Drug Addiction

Addicted to drugs

People usually start off using drugs as a way to escape the problems of daily life, drugs make them feel better, happier, remove worries for a short time and generally make the person feel on top of the world. Using drugs however has serious consequences on a person’s health and more and more of them have to be taken to achieve the same results the longer they are used.

A person using cannabis or heroin can very quickly become addicted until giving up the drug is almost impossible to do and they no longer take them to give them a buzz but simply just to be able to survive day to day life.

What are the symptoms of drug abuse?

Describing drug use and problems associated with addiction is hard as each drug is different and can cause different problems, there is however some basics which relate to overall drug use and abuse. Each drug will produce different patterns of:

  • Use
  • Intoxication.
  • Hangover.
  • Overdose.

Substance abuse or addiction covers many different levels including:

  • Using large amounts of the drug without seeming to be intoxicated.
  • Using large amounts of the drug for experimentation.
  • Using large amounts of the drug to get intoxicated.

The addict may use drugs for more than just one of the above reasons and many will turn to different drugs to get different effects. Trying to understand why people take and become addicted to drugs isn’t easy, but almost all of the people who take drugs did so in the beginning for the enjoyment and good feelings it brought them.

Spotting someone who is on drugs in the beginning is very hard and for parents who are worried their children might be taking them keeping open communication is perhaps the best way to go. Teenagers can be a problem though as the more you enquire into their behaviour the more likely they are to see it as an intrusion which could push them further away and lead to resentment and total refusal to communicate.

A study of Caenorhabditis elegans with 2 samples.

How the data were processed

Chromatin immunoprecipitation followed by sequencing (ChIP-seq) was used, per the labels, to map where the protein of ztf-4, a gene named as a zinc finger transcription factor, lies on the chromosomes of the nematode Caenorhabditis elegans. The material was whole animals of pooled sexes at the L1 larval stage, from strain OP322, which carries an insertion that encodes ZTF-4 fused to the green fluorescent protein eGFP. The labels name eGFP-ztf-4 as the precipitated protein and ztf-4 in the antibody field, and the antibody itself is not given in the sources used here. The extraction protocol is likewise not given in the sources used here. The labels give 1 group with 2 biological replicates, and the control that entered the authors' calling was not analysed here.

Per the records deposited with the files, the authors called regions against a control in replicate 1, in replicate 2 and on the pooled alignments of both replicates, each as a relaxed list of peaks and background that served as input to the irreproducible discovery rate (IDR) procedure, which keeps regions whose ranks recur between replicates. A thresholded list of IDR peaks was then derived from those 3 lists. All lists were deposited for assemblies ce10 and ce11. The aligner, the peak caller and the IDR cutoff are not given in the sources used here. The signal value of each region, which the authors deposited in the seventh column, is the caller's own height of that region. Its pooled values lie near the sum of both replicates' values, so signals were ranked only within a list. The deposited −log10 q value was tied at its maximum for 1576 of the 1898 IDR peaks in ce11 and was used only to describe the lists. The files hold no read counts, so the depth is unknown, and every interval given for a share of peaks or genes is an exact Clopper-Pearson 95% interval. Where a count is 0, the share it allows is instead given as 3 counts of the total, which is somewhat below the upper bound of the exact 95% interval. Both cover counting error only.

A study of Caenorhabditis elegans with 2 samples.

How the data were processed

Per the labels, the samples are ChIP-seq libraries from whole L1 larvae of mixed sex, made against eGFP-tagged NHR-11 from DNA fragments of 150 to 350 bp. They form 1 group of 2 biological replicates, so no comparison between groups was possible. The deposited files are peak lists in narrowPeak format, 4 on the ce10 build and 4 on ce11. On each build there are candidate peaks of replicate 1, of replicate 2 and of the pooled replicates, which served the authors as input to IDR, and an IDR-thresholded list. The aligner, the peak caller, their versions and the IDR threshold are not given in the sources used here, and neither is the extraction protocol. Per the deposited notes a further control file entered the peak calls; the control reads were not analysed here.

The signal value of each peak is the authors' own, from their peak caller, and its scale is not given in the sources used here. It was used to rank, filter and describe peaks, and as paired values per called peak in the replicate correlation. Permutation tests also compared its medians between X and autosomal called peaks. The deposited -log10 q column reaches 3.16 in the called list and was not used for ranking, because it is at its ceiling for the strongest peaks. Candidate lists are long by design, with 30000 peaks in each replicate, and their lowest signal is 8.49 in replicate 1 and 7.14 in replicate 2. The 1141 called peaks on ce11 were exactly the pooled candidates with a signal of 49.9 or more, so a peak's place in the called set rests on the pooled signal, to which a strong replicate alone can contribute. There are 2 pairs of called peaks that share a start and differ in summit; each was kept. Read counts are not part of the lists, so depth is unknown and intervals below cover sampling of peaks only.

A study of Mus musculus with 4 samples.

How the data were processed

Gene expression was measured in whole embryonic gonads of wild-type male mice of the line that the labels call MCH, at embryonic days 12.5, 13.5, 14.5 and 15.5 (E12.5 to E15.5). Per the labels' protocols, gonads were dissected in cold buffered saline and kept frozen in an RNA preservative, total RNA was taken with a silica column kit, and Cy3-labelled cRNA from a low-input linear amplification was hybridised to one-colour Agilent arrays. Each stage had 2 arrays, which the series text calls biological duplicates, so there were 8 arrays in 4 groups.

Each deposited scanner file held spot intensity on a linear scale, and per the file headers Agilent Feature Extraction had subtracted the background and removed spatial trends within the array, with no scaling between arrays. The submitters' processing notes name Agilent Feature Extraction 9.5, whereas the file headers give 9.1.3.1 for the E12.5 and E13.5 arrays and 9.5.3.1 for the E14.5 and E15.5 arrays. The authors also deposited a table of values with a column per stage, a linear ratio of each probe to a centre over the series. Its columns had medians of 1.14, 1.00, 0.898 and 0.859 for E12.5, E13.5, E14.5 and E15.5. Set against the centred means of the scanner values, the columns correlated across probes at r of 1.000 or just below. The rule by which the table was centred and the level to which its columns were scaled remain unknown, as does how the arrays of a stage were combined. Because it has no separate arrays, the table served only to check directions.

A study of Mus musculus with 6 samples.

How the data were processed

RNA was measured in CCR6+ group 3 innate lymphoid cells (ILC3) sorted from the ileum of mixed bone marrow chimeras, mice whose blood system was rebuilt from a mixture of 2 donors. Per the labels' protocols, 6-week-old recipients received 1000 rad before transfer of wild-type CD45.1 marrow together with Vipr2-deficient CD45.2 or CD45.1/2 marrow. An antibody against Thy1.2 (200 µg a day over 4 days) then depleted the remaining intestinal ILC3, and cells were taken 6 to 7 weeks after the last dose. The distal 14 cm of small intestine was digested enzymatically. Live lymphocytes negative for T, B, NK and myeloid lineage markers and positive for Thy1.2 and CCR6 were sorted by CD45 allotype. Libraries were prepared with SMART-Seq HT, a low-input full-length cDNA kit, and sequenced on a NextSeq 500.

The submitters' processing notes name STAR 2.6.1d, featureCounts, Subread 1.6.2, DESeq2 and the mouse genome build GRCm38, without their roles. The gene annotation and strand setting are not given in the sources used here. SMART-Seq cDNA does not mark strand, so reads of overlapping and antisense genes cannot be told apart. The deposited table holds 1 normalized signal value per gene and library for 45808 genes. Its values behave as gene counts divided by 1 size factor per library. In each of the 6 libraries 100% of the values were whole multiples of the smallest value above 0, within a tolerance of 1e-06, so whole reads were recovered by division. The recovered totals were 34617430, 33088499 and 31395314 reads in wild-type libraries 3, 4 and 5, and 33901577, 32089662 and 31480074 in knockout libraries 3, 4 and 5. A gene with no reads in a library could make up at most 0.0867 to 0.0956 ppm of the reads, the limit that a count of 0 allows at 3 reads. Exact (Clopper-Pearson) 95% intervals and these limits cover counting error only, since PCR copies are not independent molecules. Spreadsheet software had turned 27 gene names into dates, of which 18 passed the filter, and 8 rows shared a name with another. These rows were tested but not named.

The effects of drug dependency

When you think about coming off drugs people automatically think of the withdrawal effects but there is far much more to it than just physical withdrawal symptoms. Breaking the habit affects the mind as well as the body and these feelings can be much harder to deal with than the physical ones, common feelings are:

  • Anxiety and depression.
  • Sleep and rest.
  • Self esteem.
  • Having to learn how to cope.
  • Learning to control moods.

The symptoms and pattern will depend greatly on the type of drug that a person is addicted to, the type of person they are and the circumstances in which they are trying to quit.

What you can do to help

Just by admitting there is a problem and wanting to take steps to deal with it is a major step forward to recovering from addiction, the next step forward is to get the right support for your addiction. If your addiction is tranquillisers or alcohol then it could be just as dangerous to try and give them up immediately.

You should always get advice from your Doctor and sometimes a Doctor can prescribe medication to help you get through the first phase of quitting. For you to be successful it is also important that you seek help through counselling and a wide source of information on groups which can help with your particular addiction can be found online.